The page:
If you’re a career women working for some of the hottest tech companies in the world, you may just have the option to freeze your eggs now and think about thawing them later. Oh, and by eggs, we mean the ones in your ovaries of course.
Facebook implemented it’s oocyte cryopreservation (that’s egg-freezing to you) scheme in January this year, but with Apple about to follow suit the topic has been making serious waves. The aim of the program is to allow female employees to freeze healthy eggs while they are available so they can focus on their career without worrying about diminishing rates of fertility. And then if and when broodiness calls later in life: boom, the eggs are there ready for defrosting. With the procedure costing up to £6300 plus egg storage fees of around £300 a year (because even a frozen egg needs a nest) it’s an unusual and pricey perk.
Given the hefty cost and the mere fact that we’re talking about putting your eggs in a freezer, it’s not exactly a surprise the internet has been experiencing a mini melt-down over the matter. However, beneath all the pro and anti-egg hysteria lies a few home truths and considerations I’d like to add.
It’s all scrambled
There have been some valid concerns raised regarding the ramifications of this strange and perhaps slightly creepy health benefit. Some have suggested it will pressure female employees into delaying family plans and vilify those who choose to ditch the treatment, either because they plan to start a family au naturel or perhaps they just don’t care for 2 weeks of discomfort and egg-vasion.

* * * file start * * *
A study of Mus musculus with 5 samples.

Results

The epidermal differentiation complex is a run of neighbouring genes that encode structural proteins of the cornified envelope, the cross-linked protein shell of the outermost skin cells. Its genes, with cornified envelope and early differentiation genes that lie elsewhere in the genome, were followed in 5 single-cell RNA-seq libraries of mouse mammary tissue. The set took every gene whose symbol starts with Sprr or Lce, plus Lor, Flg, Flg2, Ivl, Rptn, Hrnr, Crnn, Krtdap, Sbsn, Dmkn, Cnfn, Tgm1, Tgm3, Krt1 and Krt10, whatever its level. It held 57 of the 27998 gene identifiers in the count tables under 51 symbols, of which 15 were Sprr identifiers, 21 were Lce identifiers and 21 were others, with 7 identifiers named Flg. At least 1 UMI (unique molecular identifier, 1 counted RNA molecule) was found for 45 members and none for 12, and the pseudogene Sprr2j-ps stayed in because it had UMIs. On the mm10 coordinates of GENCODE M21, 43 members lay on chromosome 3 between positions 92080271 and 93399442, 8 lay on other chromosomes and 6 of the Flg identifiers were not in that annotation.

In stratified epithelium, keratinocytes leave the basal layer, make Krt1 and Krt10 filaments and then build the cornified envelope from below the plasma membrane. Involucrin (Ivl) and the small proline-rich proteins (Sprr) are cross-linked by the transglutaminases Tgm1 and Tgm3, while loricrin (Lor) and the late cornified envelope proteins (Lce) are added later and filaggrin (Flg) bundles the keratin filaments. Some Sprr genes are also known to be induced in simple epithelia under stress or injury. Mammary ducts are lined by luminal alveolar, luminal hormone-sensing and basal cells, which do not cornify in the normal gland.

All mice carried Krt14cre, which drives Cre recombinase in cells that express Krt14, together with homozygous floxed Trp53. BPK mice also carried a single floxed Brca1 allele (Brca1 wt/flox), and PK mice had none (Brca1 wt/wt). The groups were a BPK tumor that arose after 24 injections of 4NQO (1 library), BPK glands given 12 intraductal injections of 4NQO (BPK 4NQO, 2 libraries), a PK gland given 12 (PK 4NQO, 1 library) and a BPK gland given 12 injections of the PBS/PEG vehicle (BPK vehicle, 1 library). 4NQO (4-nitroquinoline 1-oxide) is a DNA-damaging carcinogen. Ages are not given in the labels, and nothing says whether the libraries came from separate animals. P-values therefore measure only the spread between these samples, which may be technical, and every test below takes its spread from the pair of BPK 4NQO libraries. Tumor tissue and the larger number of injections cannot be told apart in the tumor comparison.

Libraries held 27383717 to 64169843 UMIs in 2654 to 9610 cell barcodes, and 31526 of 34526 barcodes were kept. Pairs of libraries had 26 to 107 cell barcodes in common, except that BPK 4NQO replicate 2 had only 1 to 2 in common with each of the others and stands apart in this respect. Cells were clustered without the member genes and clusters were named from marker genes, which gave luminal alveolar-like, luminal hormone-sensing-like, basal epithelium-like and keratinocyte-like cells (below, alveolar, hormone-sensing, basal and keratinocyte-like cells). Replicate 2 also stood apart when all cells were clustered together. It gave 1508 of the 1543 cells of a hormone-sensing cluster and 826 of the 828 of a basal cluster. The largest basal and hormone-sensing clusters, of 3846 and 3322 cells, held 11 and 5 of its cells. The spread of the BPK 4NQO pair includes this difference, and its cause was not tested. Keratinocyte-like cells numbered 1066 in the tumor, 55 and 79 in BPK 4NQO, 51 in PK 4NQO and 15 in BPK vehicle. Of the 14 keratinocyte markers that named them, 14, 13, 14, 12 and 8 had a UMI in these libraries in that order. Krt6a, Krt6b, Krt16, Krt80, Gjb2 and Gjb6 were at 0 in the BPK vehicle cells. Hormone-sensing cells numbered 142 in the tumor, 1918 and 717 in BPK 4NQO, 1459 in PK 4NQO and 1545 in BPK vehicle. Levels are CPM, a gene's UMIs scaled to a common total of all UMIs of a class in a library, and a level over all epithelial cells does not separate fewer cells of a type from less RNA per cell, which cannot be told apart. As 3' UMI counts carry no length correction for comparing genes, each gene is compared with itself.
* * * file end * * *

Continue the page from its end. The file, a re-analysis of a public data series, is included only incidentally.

Personally, I am not convinced I would be willing to go through the uncomfortable and weird procedure just to show my boss I am a committed team player. And in a world where I am mostly sceptical about businesses motivation for generous behaviour, I am not quite persuaded that’s what Facebook & Apple are going for here. Undeniably, there is increased pressure to have female representation and diversity within these companies and they are scrambling to find the best talent out of a limited pool. As with any business perk (even one as bizarre as this) the aim is of course to improve the bottom line. That’s the whole point.
Sunny side up or down
This is one of those subjects where there will never be a perfect for or against argument. The way I see it is this can be whittled down to a matter of choice. And for whatever sinister or saintly reason, women who work within these companies will have the luxury of a choice worth £12500.
The fact is that egg quality drops starkly after 35, which forces women to drop out of the workplace at pivotal times in their careers. This can leave female employees returning from maternity leave struggling to catch up in salary and seniority. As our life expectancy in the western world grows we still face the same biological limitations we did 500 years ago.
Freezing eggs, no matter how zany it may sound gives women another option. Perhaps it’s a way of hedging your bets, a safety net or maybe it fits perfectly with your plan. Whatever your reason to use the programme (or not), it provides just a little more freedom to an otherwise fairly inflexible issue.